Published by the Journal of Commerce in September 2018.

While we are all understandably caught up in the trade war with China and wait to see whether additional tariffs will be imposed on more Chinese-made goods, the Korea – U.S. Free Trade Agreement revisions have been made public by the U.S. Trade Representative. Those changes include: extending the duty reduction on truck which now go to zero duty in 2041; Korea doubles to 50,000 the U.S.-made vehicles permitted per manufacturer per year; vehicle testing requirements are to be harmonized – U.S. testing accepted in Korea;  eco-credits or the CAFÉ standards are to be expanded by Korea; pharmaceutical reimbursements will become compliant regarding Korea’s Premium Pricing Policy for Global Innovative Drugs; and “long-standing” concerns about how Korea conducts origin verification audits will be addressed.

As a result, Korea became subject to product-specific quota levels regarding the 232/steel and aluminum tariffs.

Certainly, the auto industry is happy the market access door was opened a bit wider, but what more is there?  U.S. domestic industry which relies on antidumping and countervailing duty will be pleased by some attempts at greater transparency consisting of advance notice of in-person verifications; prior to initiation, the respondent is to be provided with a list of the topics to be addressed, including the types of supporting documentation required; any written report must describe the methods and procedures relied up and the results, and be made public; and the investigating authority must disclose to each party receiving an individual rate, an easily understood explanation about the calculations so the party may “easily” validate those calculations, including source references, and allow time for a response.

Undoubtedly the broadest benefit comes from attempts at greater transparency and certainty regarding verification audits.  KORUS Article 22.2.3 calls for the creation of a Joint Committee to oversee implementation of the agreement. That Joint Committee is now to establish a Rules of Origin Verification Working Group under the Committee on Trade in Goods to:

  1. Seek to resolve concerns arising from verification of origin claims;
  2. Develop further guidelines to address systemic concerns with verification practices and prevent such concerns from arising in the future;
  3. Monitor verifications taking “excessive” lengths of time or that do not seem to be reaching conclusion; and
  4. Present findings, reports and recommendations to the Committee on Trade in Goods as appropriate.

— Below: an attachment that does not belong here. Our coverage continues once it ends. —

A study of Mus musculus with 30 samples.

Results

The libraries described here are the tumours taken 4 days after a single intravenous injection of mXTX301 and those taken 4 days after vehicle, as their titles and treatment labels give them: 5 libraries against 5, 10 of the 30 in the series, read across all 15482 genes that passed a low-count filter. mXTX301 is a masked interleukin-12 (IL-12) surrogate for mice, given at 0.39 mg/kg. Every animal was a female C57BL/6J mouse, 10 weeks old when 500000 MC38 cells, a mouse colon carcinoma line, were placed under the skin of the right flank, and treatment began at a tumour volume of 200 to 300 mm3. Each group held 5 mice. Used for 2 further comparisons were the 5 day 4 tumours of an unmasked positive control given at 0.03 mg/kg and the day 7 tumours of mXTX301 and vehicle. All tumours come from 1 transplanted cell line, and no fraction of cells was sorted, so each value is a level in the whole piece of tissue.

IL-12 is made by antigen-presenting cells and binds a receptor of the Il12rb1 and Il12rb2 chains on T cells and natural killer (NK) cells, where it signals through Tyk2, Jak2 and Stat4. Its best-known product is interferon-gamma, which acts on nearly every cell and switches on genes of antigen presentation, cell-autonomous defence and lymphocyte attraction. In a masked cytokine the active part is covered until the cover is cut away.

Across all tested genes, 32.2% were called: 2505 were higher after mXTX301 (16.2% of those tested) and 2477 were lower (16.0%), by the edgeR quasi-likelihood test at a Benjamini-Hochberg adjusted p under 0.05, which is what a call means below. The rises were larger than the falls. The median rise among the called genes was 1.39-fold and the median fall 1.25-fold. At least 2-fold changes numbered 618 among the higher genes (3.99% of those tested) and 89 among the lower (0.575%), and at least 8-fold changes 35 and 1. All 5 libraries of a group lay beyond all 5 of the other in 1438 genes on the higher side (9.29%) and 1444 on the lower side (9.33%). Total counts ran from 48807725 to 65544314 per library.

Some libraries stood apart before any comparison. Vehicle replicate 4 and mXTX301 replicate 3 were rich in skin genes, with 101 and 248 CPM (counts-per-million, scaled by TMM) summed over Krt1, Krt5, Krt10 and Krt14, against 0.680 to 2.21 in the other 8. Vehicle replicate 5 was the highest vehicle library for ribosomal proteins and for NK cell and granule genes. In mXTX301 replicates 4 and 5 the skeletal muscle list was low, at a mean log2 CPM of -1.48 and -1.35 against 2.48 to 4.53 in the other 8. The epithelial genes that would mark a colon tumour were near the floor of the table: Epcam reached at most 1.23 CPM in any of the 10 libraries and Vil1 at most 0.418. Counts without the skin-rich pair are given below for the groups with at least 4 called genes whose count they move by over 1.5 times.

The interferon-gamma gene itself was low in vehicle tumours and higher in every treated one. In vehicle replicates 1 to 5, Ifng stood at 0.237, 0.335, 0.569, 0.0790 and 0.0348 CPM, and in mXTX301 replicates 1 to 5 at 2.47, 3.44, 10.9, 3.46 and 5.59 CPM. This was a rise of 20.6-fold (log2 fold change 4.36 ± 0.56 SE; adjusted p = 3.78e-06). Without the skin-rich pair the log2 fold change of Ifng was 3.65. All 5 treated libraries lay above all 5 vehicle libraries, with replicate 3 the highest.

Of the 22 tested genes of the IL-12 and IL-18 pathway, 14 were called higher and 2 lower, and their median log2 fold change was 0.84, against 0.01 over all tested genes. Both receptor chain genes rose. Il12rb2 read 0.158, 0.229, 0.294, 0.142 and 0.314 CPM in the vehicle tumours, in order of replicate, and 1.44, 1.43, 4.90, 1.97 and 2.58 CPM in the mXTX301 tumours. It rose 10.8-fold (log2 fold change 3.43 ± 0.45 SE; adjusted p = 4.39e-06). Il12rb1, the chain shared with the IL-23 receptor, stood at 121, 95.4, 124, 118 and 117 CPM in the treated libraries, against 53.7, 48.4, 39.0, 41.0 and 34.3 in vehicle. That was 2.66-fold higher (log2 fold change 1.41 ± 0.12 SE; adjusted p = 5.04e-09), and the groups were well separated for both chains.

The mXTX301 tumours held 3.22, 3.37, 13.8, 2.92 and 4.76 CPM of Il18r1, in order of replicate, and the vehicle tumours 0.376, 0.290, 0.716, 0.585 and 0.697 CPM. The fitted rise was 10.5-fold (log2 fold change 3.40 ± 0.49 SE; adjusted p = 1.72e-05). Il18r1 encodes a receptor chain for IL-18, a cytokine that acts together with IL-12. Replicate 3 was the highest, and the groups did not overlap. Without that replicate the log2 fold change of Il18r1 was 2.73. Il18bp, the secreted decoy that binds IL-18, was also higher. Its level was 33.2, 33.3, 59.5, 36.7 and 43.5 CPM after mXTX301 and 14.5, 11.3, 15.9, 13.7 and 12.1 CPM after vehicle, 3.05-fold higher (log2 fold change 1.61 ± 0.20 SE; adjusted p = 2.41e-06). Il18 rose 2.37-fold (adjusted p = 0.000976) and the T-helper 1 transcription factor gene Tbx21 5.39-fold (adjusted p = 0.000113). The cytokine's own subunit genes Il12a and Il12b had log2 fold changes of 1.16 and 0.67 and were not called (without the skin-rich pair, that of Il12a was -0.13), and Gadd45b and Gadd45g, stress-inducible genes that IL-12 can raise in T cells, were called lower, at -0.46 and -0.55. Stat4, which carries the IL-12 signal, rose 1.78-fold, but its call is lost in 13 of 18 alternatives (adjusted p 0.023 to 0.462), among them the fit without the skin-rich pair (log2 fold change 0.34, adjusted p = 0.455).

The attachment lists the relevant principles to follow:

  • Knowledge-based self-certification which allows the certificate of origin to be completed by the exporter or producer regardless of location or address; and permits minor errors or discrepancies (undefined) in the certification, questionnaire or other documents to be corrected without penalty and upon at least 5 working days’ notice;
  • Verifications are to be conducted through information requests to the importer, exporter or producer (not others);
  • Reaffirm that verifications will only be conducted where there is doubt as to the goods originating status and based on risk management principles that facilitate the movement of low risk goods;
  • Provide written advance rulings, in lieu of verbal advice;
  • Increase efforts to ensure that verification information requests clearly identify the specific goods being verified, are limited in scope to that necessary to determine the origin of the goods under review, and includes providing clear guidance to importers, exporters and producers regarding specific information required to prove origin; and
  • Endeavor to conclude verifications expeditiously, typically no later than 90 days after receiving the necessary information, and no later than 12 months from initiation, allowing for extensions in exceptional cases.

Article 15 of KORUS deals with electronic commerce. There were no changes to those provisions, even in the face of the festering di minimis issue perplexing U.S. authorities, and surely since the KORUS is more than 10 years old, those provisions could have used an update.  Given the rules of origin in KORUS are similar to those in other agreements, do international traders really think changes aren’t needed there, either? The closest we get to a change in those rules is an agreement by the U.S. to expeditiously process a request from Korea to treat certain products on the basis of a lack of commercial availability. In particular, that request is directed at yarn classified under 5108, 5403.39, 5504.10 and 5507.00, HTSUS. Perhaps most striking is the glaring omission of anything to do with trade in services, one of the fastest growing sectors of the U.S. economy.

When taken as a whole, there is not much there to talk about. The only other noteworthy provision is one whereby Korea agrees in 2018 to revise its Premium Pricing Policy for Global Innovative Drugs, meaning it will quit giving such obvious benefits to local drug companies when it comes to pricing their products versus those from foreign pharmaceutical companies.

While not meaning to undercut the advances the agreement does contain, was the outcome really worth the hoopla?